NBA logo during game at Walt Disney World in Orlando
July 30, 2020; Lake Buena Vista, USA; A general view the court with Black Lives Matter written above the NBA logo is seen at center court prior to the game between the LA Clippers and the Los Angeles Lakers at The Arena at ESPN Wide World Of Sports Complex on July 30, 2020 in Lake Buena Vista, Florida. Mandatory Credit: Mike Ehrmann/Pool Photo via USA TODAY Sports

It appears that the NBA is moving forward with a plan to postpone the start of the 2020-21 season even further after the current campaign was suspended for five-plus months due to the COVID-19 pandemic.

With the playoffs winding down in Orlando, NBA Commissioner Adam Silver has made it clear that a January start to the 2020-21 season makes the most sense.

2020-21 NBA schedule likely to start in January

“I continue to believe that we’re going to be better off getting into January,” Silver said in a discussion with Bob Costas on CNN this week (h/t the Association Press). “The goal for us next season is to play a standard season … an 82-game season and playoffs. And further, the goal would be to play games in home arenas in front of fans, but there’s still a lot that we need to learn.”

There’s obviously a financial impact to this. The initial plan to start the 2020-21 NBA season December would have likely forced the NBA to go with four bubble cities without fans in attendance. Pushing it back further enables the Association to potentially have teams host games in their home venues with fans in attendance. That’s obviously dependent on a COVID-19 vaccine and/or rapid testing.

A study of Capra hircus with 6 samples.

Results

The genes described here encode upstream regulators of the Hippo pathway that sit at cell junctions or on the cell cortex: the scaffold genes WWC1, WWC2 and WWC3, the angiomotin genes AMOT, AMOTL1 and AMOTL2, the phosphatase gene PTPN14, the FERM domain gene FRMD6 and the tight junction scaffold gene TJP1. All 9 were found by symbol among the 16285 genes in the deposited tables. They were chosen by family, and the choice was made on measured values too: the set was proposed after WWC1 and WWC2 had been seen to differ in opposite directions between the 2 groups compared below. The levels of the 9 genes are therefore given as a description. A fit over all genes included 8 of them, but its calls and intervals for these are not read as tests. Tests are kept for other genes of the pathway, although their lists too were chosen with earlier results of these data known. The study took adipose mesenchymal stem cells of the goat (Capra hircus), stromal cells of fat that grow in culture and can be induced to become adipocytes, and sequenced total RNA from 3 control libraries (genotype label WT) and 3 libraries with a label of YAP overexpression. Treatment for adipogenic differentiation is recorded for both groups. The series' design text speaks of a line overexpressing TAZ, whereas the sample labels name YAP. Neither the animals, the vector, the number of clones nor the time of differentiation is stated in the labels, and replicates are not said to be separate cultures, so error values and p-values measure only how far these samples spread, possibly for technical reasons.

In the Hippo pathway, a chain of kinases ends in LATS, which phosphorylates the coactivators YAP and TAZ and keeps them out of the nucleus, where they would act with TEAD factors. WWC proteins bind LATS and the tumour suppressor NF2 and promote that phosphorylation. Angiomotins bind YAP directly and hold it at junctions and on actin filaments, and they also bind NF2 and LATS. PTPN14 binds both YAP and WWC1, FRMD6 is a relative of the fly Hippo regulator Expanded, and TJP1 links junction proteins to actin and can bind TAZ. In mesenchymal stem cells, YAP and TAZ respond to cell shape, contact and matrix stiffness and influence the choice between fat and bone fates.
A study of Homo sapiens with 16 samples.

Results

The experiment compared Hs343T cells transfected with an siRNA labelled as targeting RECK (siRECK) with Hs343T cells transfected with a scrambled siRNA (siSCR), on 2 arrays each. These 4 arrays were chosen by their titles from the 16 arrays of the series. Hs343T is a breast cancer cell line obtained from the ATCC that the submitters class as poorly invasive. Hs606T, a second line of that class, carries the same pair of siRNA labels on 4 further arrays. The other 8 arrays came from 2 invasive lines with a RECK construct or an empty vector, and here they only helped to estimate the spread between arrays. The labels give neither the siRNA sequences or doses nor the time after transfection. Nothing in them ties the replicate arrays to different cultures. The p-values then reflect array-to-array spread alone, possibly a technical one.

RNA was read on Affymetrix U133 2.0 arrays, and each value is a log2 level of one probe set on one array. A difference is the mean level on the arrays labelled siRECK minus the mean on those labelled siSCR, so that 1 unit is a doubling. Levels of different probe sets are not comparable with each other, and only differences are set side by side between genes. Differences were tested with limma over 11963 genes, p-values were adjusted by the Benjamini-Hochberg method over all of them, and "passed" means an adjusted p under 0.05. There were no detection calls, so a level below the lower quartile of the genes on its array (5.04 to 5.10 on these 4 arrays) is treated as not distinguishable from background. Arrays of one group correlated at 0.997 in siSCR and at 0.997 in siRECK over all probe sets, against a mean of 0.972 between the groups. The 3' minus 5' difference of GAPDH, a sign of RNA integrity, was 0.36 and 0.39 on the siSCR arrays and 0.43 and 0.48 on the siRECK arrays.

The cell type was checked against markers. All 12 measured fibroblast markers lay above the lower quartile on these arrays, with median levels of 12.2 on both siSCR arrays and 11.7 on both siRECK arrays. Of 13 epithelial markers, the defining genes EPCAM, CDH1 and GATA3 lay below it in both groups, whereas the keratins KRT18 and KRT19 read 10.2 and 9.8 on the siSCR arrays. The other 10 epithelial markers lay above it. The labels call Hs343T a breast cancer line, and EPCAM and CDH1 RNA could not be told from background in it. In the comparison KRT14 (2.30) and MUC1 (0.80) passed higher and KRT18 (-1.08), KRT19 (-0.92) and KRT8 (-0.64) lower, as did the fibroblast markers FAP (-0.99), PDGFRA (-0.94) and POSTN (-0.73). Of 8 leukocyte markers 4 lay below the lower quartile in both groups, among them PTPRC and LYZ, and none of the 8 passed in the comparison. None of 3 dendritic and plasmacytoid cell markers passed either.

If the season were pushed back to January, it would also impact another huge sporting event during the 2021 calendar year.

2020-21 NBA schedule could force star players out of the 2020 Summer Olympics

Slated for this summer, the Olympics in Japan were postponed until July of 2021 due to the pandemic. If the start of the 2020-21 NBA season were pushed back to January, it would obviously impact the ability of star players to take part in the international event.

“There are a lot of great U.S. players, and we may be up against a scenario where the top 15 NBA players aren’t competing in the Olympics, but other great American players are competing,” Silver said. “And, obviously, there are many NBA players who participate in the Olympics for other countries. That’s something we’re going to have to work through.”

This is not what the likes of star Los Angeles Lakers forward LeBron James want to hear. Pretty much every big-name NBA player has committed to taking part in the 2020 Summer Olympics starting next July. Obviously, next year’s NBA schedule would continue into the summer, forcing players to opt out of the Olympics.

Vincent Frank
Editor here at Sportsnaut. Contributor at Forbes. Previous bylines include Bleacher Report, Yahoo!, SB Nation. Heard on ESPN Radio and NBC Sports Radio. Northern California native living it up in Las Vegas. The Keto lifestyle. Traveler. Reader. TV watcher. Dog daddy. Sam Malone = greatest TV character ever. "Carpe diem. Seize the day, boys. Make your lives extraordinary," John Keating.